Climate activist Greta Thunberg was on Friday cleared of a public order offence as a judge ruled police had no power to arrest her and others at a protest in London last year.
Thunberg stood trial with four other defendants who were arrested on Oct 17 outside a London hotel, where the Energy Intelligence Forum was hosting oil and gas industry leaders.
All five were accused of failing to comply with an order made under the Public Order Act by police to move their protest to a designated area near the conference.
They were all acquitted at Westminster Magistrates' Court, in a ruling which throws into doubt other prosecutions of those facing the same charge from the Oct 17 demonstration.
Judge John Law ruled that London's Metropolitan Police acted unlawfully in imposing conditions on the protest and that therefore Thunberg had no case to answer.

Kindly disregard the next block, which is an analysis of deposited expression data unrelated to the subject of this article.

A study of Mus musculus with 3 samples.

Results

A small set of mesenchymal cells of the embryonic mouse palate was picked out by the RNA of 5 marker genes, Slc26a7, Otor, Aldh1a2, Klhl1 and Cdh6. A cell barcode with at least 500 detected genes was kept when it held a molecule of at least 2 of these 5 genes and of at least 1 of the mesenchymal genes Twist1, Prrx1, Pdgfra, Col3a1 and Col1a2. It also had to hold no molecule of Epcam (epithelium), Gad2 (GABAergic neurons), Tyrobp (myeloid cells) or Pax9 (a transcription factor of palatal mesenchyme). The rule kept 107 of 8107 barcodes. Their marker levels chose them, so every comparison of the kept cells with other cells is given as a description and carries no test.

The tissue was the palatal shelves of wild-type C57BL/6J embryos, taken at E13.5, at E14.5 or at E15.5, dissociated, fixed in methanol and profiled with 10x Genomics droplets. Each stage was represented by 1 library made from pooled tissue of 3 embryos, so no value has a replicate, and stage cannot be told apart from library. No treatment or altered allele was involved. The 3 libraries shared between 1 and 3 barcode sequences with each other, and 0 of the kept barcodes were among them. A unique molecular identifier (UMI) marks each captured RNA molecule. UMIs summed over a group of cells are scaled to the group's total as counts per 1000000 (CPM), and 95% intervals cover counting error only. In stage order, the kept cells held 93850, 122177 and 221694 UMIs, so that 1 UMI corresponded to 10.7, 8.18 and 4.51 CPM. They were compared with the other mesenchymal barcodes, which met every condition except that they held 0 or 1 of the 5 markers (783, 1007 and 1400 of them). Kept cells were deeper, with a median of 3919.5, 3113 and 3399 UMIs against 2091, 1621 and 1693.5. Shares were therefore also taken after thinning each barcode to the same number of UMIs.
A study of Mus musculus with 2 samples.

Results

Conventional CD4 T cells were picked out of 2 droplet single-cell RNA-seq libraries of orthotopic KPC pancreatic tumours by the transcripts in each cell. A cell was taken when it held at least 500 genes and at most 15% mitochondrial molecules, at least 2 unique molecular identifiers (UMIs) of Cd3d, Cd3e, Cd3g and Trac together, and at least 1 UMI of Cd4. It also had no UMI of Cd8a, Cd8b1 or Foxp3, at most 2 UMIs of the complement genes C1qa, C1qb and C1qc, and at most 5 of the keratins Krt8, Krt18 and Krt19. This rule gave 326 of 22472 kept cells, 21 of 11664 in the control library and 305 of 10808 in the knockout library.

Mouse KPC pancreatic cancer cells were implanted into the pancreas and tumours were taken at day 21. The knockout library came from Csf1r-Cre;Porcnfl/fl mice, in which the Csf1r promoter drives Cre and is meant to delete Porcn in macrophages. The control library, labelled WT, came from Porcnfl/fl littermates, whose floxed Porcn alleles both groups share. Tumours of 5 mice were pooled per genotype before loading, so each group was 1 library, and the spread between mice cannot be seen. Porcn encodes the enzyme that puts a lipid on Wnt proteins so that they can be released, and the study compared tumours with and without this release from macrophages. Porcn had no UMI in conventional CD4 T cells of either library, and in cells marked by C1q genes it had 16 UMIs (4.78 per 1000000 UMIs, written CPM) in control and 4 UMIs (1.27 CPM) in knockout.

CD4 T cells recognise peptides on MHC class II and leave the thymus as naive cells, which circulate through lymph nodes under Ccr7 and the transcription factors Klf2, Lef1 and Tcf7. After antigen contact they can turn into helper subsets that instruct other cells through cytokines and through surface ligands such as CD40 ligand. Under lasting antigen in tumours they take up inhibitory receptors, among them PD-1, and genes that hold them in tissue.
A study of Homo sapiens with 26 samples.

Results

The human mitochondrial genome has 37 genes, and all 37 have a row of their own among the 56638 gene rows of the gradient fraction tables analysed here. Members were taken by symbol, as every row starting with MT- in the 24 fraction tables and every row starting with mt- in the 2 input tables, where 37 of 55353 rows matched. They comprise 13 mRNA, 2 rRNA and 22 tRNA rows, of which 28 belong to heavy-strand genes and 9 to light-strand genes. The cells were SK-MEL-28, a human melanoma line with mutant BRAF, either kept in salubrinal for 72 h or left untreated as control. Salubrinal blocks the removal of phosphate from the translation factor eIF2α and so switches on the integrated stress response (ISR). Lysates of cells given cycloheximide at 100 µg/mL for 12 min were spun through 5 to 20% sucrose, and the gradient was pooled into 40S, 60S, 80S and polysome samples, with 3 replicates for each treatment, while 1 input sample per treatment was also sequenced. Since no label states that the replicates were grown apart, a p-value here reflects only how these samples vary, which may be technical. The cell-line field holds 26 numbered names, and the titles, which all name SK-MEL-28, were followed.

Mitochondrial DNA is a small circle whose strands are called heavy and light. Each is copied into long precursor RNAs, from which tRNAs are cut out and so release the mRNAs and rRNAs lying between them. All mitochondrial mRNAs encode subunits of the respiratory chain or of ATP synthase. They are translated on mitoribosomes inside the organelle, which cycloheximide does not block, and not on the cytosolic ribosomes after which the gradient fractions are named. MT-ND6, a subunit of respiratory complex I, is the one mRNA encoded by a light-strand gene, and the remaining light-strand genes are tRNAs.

He said that police could have imposed lesser restrictions on the protest and the conditions that were imposed were not clear.
Law also said Thunberg was not "given anything like a reasonable time to comply" after police told her to move.
Raj Chada, a lawyer who represented Thunberg and two other defendants, said outside court: "The government should stop prosecuting peaceful protesters and instead find ways to tackle the climate crisis."
Thunberg, who became a prominent campaigner worldwide after staging weekly protests in front of the Swedish parliament in 2018, made no comment to reporters as she left court.
A spokesperson for the Metropolitan Police said in a statement: "While we absolutely respect the right to protest, we often hear from Londoners who are fed up with repeated serious disruption at the hands of campaigners who block roads and prevent people going about their normal business.
"Officers have to balance these considerations in real time." They added: "We will review the decision carefully."
Prosecutors, who are likely to seek an adjournment of a similar trial starting next week, can bring an appeal at the High Court against Friday's decision.
Britain's Crown Prosecution Service did not immediately respond to a request for comment.